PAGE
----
Yesterday, we reported that the channels of YouTuber Linus Sebastian were taken over by hackers. The threat actors removed the videos from his channel Linus Tech Tips and replaced them with two videos that discuss cryptocurrency and feature business mogul Elon Musk. Upon discovering the incident, Google took the videos down and Sebastian eventually regained access to his channels. However, how the threat actors managed to infiltrate the YouTuber's channels remained unknown, at least until now.
In a recently uploaded video, Sebastian confirmed that his company fell victim to a cyberattack called session hijacking, also known as cookie hijacking. A session hijacking attack normally happens when a threat actor gains access to a victim's online accounts by stealing their session cookies, eliminating the need to capture login credentials or go through multifactor authentication (MFA). Session cookies are stored locally on a user's PC every time they log in to a website.
How does a threat actor gain access to a session cookie, you ask? They start by sending the victim a phishing email that pretends to be something important (e.g., a message from a close friend or a business invoice). These emails typically contain a malicious attachment that appears to be a PDF but in reality is an executable file capable of introducing malware to the victim's system. As soon as the malware activates, it then steals session cookies, allowing cybercriminals to access the victim's account without the need to enter login credentials.
This is exactly what happened in the incident that affected Sebastian's company, as one of his team members downloaded what appeared to be a sponsorship offer from a potential partner. The email reportedly came from a legitimate-looking source and didn't have obvious red flags like grammatical errors. Because the team member thought the email was legitimate, they extracted the contents and launched what appeared to be a PDF containing the terms of the deal. When the file presumably didn't open, the employee went on with the rest of their day.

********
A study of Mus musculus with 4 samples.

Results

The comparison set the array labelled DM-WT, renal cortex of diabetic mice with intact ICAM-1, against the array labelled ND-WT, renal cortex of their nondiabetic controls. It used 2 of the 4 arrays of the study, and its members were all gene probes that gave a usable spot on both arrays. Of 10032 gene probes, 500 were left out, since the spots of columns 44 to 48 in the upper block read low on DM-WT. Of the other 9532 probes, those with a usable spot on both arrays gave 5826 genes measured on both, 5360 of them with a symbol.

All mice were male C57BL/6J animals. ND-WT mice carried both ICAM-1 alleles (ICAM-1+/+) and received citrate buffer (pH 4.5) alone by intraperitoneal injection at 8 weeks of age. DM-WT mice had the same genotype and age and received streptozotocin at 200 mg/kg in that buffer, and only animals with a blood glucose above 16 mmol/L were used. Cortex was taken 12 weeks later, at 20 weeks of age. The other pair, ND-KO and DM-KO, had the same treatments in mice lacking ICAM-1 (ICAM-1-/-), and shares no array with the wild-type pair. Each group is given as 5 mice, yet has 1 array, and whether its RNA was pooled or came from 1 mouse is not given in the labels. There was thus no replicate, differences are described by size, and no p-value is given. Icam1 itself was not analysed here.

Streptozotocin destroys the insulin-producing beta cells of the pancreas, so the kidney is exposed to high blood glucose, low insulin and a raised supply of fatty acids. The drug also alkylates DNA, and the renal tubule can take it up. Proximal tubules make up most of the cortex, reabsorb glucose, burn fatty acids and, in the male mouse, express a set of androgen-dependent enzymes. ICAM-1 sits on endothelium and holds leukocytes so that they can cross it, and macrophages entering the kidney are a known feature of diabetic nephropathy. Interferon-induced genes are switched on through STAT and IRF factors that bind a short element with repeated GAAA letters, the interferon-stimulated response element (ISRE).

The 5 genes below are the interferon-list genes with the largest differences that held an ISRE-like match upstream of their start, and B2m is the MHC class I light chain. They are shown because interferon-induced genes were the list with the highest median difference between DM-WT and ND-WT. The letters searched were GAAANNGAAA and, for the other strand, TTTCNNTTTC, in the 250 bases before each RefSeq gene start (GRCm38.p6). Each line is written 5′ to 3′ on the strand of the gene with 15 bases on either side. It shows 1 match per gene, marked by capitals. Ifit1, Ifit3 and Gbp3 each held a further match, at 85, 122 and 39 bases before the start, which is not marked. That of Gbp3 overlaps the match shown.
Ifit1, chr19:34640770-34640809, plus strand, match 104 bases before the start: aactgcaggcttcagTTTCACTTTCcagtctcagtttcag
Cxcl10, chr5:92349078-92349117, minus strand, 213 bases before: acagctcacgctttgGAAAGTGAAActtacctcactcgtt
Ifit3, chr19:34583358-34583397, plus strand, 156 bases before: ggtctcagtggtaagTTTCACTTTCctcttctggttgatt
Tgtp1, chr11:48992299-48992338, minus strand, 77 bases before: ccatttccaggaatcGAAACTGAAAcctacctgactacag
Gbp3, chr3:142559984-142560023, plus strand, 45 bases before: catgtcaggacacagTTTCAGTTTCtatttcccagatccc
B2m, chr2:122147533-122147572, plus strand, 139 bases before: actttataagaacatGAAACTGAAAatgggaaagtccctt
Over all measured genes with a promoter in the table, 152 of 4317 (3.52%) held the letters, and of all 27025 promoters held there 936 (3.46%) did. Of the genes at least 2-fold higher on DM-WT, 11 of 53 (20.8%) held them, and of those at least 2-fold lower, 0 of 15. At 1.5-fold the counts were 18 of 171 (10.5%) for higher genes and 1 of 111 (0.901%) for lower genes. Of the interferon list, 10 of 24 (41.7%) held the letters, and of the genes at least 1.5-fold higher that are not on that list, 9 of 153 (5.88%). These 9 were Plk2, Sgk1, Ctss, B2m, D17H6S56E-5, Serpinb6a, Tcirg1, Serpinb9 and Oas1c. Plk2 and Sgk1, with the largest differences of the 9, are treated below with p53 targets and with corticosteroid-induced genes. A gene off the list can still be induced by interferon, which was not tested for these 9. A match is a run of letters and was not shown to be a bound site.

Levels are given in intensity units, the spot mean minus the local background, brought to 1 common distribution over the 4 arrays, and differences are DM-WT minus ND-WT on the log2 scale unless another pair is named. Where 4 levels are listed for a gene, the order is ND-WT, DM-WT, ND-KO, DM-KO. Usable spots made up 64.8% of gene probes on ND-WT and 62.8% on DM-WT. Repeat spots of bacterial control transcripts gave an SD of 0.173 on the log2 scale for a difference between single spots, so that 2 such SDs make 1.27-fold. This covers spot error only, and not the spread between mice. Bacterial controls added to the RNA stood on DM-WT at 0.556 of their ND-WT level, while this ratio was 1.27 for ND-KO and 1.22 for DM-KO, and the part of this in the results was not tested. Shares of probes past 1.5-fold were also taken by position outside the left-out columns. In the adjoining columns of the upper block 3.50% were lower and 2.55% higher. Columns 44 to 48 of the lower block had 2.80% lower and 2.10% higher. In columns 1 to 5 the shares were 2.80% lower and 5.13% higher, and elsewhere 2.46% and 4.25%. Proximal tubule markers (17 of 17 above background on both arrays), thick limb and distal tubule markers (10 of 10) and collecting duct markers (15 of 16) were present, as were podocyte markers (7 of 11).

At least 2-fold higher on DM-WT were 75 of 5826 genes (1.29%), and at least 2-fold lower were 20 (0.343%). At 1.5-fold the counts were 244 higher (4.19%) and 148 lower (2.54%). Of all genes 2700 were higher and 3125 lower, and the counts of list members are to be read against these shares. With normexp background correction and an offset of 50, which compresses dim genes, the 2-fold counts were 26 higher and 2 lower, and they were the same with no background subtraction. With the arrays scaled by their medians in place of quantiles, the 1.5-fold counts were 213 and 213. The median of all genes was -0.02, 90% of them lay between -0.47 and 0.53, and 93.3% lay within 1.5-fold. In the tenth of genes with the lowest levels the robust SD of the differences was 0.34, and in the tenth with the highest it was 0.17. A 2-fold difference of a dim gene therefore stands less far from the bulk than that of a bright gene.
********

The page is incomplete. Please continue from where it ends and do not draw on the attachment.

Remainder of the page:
However, the file actually contained malware which accessed all user data from browsers, such as locally saved passwords, cookies, and browser preferences. At this point, the threat actors exported the data and stole the user's session, which enabled them to access every website the user was logged into, including Sebastian's YouTube channels.
Sebastian admitted that if his company had more rigorous training for his company's newcomers and better processes for following up on notifications from their sitewide anti-malware program, they would not have fallen victim to the attack.
The tech YouTuber also took the time to call out Google's email responses regarding the incident.
"Other than [saying] 'We're aware and working on it,' the internal team doesn't seem to even be allowed to communicate with creators directly. They figured out that the attack came from one of our non-video production teams pretty quickly and banned that Google Workspace account almost immediately. But even a quick 'Hey, I know you're stressed, here's what's going on, and here's how we can keep this from spreading' would almost certainly have calmed my nerves and saved all of us some work by keeping TechLinked and Techquickie in our hands."
Sebastian also mentioned how Google's one-on-one email incident response only benefits larger channels like theirs. "I've seen quite a few people express resentment that we were able to get this resolved so quickly when their favorite niche creator X or Y struggled with it for an extended period of time or never got it fully resolved," he stated.
As such, Sebastian believes that there is a need for better security options for key YouTube channel attributes to mitigate session hijacking attacks. For instance, he says that YouTube should require users to re-enter their password or re-authenticate when changing important elements like YouTube channel name and stream keys or deleting multiple videos simultaneously. Sebastian also says that YouTube should also require users to re-authenticate if they suddenly changed locations.
You can watch Sebastian's full reaction to the issue in the video above.